Thursday, December 9, 2010

Wisdom and Abstract Thought

In my previous post I expressed exasperation with Stephen S. Hall's new book Wisdom. There are a few references in his book that seem to be worth following up.


Part I. Approaches to the Study of Wisdom:
1. Understanding wisdom R. J. Sternberg
Part II. Approaches Informed by Philosophical Conceptions of Wisdom:
2. Wisdom through the ages D. N. Robinson
3. The psychology of wisdom: an evolutionary interpretation M. Csikszentmihalyi and K. Rathunde
4. Wisdom as integrated thought: historical and developmental perspectives G. Labouvie-Vief
Part III. Approaches Informed by Folk Conceptions of Wisdom:
5. Toward a psychology of wisdom and its ontogenesis P. Baltes and J. Smith
6. Wisdom in a post-apocalyptic age M. J. Chandler and S. Holliday
7. Wisdom and its relations to intelligence and creativity R. J. Sternberg
8. Wisdom and the study of wise persons L. Orwoll and M. Parlmutter
Part IV. Approaches Informed by Psychodevelopmental Conceptions of Wisdom:
9. The loss of wisdom J. A. Meacham
10. Wisdom and reflective judgment: knowing in the face of uncertainty K. S. Kitchener and H. G. Brenner
11. Wisdom: the art of problem finding P. K. Arlin
12. An essay on wisdom: towards symbolic processes that make it possible J. Pascual-Leone
13. Conceptualising wisdom: the primacy of affect-cognition relations D. Kramer
Part V. Integration of Approaches and Viewpoints:
14. Integration J. E. Birren
Author index
Subject index.

"This authoritative volume represents the only complete collection of psychological views on wisdom currently available. Considered an elusive psychological construct until recently, wisdom is currently attracting interest as an independent field. The acclaimed psychologist Robert Sternberg perceived the need to document the progress made in the field, and to point the way for future theory and progress. The resulting book introduces the concept of wisdom, considers philosophical issues and developmental approaches, and covers folk conceptions of the topic. The final chapter presents an integration of the fascinating and comprehensive material."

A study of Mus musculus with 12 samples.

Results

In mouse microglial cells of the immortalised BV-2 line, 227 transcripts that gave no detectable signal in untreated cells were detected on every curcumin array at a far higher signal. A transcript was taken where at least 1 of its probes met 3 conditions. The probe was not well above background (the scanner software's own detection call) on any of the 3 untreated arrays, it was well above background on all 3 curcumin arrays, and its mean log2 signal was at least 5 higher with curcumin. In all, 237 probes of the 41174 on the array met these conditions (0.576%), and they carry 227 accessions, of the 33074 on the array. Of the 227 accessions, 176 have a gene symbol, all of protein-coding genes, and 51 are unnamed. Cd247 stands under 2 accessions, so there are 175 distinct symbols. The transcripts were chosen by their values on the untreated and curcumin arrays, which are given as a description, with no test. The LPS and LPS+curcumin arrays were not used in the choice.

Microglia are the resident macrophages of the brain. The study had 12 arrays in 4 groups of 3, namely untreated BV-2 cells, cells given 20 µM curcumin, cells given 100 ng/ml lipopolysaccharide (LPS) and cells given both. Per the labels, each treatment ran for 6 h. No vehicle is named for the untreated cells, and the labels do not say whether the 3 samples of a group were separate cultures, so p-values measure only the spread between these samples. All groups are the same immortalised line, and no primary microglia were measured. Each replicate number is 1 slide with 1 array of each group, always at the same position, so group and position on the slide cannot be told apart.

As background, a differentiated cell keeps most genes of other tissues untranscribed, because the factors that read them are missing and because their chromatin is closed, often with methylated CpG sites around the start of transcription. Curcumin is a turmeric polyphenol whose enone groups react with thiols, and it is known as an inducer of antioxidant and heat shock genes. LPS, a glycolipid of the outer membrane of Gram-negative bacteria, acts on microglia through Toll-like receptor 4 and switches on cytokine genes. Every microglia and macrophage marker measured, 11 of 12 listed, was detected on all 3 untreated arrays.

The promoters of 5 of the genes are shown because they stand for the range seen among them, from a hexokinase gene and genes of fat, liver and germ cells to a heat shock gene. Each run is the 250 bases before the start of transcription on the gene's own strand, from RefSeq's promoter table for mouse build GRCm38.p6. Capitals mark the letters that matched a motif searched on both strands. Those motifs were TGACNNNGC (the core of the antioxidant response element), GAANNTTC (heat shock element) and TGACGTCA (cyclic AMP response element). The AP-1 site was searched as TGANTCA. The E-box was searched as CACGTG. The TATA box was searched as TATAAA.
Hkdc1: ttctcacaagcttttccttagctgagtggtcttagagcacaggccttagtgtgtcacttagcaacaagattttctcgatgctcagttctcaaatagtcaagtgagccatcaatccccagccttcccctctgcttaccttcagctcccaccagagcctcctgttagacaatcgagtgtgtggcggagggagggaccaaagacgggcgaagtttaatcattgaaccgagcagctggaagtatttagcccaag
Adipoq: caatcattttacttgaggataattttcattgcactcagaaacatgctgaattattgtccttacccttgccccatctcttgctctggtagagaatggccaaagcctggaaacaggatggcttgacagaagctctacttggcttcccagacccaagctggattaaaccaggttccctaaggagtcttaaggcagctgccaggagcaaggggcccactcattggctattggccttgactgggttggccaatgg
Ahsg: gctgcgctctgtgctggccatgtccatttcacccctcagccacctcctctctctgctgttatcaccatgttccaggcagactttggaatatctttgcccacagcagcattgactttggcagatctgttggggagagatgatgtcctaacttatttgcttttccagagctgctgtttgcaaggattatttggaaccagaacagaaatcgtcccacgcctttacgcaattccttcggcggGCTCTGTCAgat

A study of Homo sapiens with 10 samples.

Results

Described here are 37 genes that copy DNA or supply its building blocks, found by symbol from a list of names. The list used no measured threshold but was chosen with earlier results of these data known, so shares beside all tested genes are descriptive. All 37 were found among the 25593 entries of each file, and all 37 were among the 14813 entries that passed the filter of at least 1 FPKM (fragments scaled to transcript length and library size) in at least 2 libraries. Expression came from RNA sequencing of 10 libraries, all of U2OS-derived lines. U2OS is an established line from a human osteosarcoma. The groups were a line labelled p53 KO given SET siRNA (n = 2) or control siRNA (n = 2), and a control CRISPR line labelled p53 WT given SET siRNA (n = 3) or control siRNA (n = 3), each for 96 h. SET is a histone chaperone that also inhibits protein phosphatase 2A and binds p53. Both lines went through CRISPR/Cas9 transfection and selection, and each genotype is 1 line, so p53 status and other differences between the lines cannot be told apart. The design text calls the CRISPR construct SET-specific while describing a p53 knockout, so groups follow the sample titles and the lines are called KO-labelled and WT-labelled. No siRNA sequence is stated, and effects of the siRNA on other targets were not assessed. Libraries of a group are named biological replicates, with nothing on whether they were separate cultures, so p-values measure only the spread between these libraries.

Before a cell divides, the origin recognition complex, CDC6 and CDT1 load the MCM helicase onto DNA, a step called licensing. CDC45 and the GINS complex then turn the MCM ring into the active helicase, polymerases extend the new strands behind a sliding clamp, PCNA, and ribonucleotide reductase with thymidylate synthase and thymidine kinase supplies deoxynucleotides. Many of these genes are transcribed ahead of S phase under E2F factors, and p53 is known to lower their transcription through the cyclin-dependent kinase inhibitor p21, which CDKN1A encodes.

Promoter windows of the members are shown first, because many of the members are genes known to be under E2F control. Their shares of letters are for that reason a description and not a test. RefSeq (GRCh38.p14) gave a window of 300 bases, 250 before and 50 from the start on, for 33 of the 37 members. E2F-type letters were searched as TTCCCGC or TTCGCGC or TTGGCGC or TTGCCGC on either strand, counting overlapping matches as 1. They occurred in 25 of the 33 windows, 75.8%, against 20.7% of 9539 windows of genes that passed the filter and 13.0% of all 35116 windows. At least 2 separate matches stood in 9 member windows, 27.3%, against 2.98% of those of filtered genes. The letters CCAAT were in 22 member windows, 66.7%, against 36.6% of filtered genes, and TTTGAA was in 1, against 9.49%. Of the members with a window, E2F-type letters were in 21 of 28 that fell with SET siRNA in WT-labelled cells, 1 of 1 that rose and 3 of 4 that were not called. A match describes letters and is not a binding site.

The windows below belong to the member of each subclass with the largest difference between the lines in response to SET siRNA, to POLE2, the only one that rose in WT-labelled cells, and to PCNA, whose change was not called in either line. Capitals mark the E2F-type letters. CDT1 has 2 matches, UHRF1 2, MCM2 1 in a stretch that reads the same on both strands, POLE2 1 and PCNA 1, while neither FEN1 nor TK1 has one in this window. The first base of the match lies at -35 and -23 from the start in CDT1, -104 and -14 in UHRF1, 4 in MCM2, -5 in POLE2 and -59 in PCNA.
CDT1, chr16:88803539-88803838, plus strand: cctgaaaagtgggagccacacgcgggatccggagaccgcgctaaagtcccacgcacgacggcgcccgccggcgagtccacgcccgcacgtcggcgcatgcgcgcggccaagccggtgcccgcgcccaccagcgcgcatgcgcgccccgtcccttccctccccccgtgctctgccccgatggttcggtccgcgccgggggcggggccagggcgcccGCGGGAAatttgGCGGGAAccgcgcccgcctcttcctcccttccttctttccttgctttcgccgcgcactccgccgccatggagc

Wisdom as Orchestration of Mind and Virtue by Paul B. Baltes. Berlin: Max Planck Institute for Human Development, 2004.



My point of departure was an aspect of what I found salvageable in Soviet philosophy, namely a correlation of philosophical development with the evolution of the scientific-technological basis of society and social organization. This was a fundamental approach of specialized Soviet philosophy quite different from the way philosophy is taught in these parts, where the best we can do as an alternative to traditional teaching and the wasteland of analytical philosophy is this duplicitous ideological category misnamed "continental philosophy". Though I've cogitated about the relation between wisdom and abstract thinking for years, I decided to pursue the topic after chancing upon Theodore Oizerman's Problem of Wisdom as a Real Problem, a subchapter in Oizerman's Problems of the History of Philosophy. Oizerman is subject to criticism on other grounds, but here is a complement to the ahistorical approach of people like Hall.

Incidentally, the most influential Soviet Marxist developmental psychologist continues to be Lev Vygotsky. Attempts have been made to fold his socially oriented perspective into cognitive science (see my blog entry on this subject), notably:

Frawley, William. Vygotsky and Cognitive Science: Language and the Unification of the Social and Computational Mind. Cambridge, MA: Harvard University Press, 1997.